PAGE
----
Way back in June last year, we reviewed Gamevice's MFi controller, and found it to be a pretty decent controller. It was comfortable, well designed, and ideal for playing retro-style games on the go.

It wasn't perfect though. We leveraged complaints at the general flimsiness of the design and, most importantly, that the analogue sticks were poor. They felt very cheap.

Gamevice has listened to us though - and the thoughts of other reviewers - and released a brand new version of the iPhone model that's still not quite perfect, but comfortably beats its predecessor.

So what's changed?

Three things have changed - and they're all a pretty big deal. First off, the vice design has been altered so that it provides a firmer grip to your phone. That's thanks to the addition of two simple rubber grips that hold your phone way steadier than before.

Then you've got the new analogues, which are way grippier than before. The last set looked like joysticks you'd get in a Christmas cracker, but these two are more in keeping with industry standards.

Finally, there's no need to charge the Gamevice this time around. Instead, it draws power directly from your iPhone. As a result, it doesn't require a battery so the Gamevice is lighter, and the best part is, it draws only about as much power as your headphones do.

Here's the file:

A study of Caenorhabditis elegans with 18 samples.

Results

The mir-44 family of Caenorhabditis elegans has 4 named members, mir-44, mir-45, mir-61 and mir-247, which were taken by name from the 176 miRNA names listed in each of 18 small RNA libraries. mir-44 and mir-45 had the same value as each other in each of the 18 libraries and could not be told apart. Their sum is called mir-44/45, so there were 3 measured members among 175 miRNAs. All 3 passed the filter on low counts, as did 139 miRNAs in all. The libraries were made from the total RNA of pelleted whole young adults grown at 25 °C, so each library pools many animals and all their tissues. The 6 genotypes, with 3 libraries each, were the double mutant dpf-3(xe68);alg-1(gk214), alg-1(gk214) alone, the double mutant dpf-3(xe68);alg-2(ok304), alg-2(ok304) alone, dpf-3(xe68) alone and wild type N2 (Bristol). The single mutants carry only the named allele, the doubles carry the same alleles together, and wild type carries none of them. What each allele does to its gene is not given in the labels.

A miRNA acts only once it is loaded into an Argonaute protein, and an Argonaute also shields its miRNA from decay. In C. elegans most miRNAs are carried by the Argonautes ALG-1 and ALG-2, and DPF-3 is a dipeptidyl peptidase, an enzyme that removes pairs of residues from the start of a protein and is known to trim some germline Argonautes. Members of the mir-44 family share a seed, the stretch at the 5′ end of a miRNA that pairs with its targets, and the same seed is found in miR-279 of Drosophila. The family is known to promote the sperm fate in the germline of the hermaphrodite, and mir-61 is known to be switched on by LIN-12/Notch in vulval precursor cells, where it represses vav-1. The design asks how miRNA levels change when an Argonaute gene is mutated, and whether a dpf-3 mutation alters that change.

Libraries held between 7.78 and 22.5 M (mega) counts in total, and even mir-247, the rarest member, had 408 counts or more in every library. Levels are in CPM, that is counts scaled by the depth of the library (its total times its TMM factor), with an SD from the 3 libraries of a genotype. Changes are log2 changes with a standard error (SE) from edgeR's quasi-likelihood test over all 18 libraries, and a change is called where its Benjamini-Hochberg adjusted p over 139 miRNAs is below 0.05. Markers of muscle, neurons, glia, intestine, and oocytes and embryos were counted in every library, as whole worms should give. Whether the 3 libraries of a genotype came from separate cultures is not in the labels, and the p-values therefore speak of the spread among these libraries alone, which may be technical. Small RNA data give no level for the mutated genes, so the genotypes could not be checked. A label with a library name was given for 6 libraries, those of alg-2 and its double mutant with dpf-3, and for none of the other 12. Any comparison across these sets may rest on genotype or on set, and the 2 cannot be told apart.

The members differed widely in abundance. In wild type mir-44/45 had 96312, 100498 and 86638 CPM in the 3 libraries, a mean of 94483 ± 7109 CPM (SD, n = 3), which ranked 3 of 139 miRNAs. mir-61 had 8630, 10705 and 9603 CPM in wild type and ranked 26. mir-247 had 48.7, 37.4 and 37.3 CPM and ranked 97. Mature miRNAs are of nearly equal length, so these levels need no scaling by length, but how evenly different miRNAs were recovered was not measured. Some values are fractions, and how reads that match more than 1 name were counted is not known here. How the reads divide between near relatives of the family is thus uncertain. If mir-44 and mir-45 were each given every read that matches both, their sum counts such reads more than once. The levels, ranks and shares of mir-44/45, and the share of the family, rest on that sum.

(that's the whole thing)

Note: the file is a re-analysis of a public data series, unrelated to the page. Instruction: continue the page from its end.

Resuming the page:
You can still charge your iPhone while it's in the Gamevice though, thanks to a hand Lightning port on the side.

Can it be improved further?

It's definitely the best iteration of the iPhone Gamevice so far, but the nitpicker in me can't help but feel like it can be improved further.

Despite the improvements, it still does feel a little flimsy. The Gamevice is now competing with the Nintendo Switch, after all, and it's hard to go back to this after playing on a Switch. That thing proper clamps the tablet snug.

By design, the Gamevice could never offer the same stability as the Nintendo Switch. However, I do feel like it could enormously be improved by completely encasing the phone. That way it would look more attractive, and feel more secure.

And efforts need to be made to make the buttons feel more satisfying to press, and premium. For inspiration, Gamevice should look to the Nintendo 3DS - or 2DS, in fact. That device is comparable in price, but offers far more satisfying buttons. These are quite plasticky, and don't have a very satisfying click - particularly the d-pad.

Is it worth it?

Despite these suggestions, it's still hard to argue with the fact that the Gamevice is currently the best MFi controller on the market. It's great that it houses your device, is directly connected so doesn't lag, and allows you to charge your phone while playing.

A few more additions could make it perfect, but the recent changes have made an already great controller much better.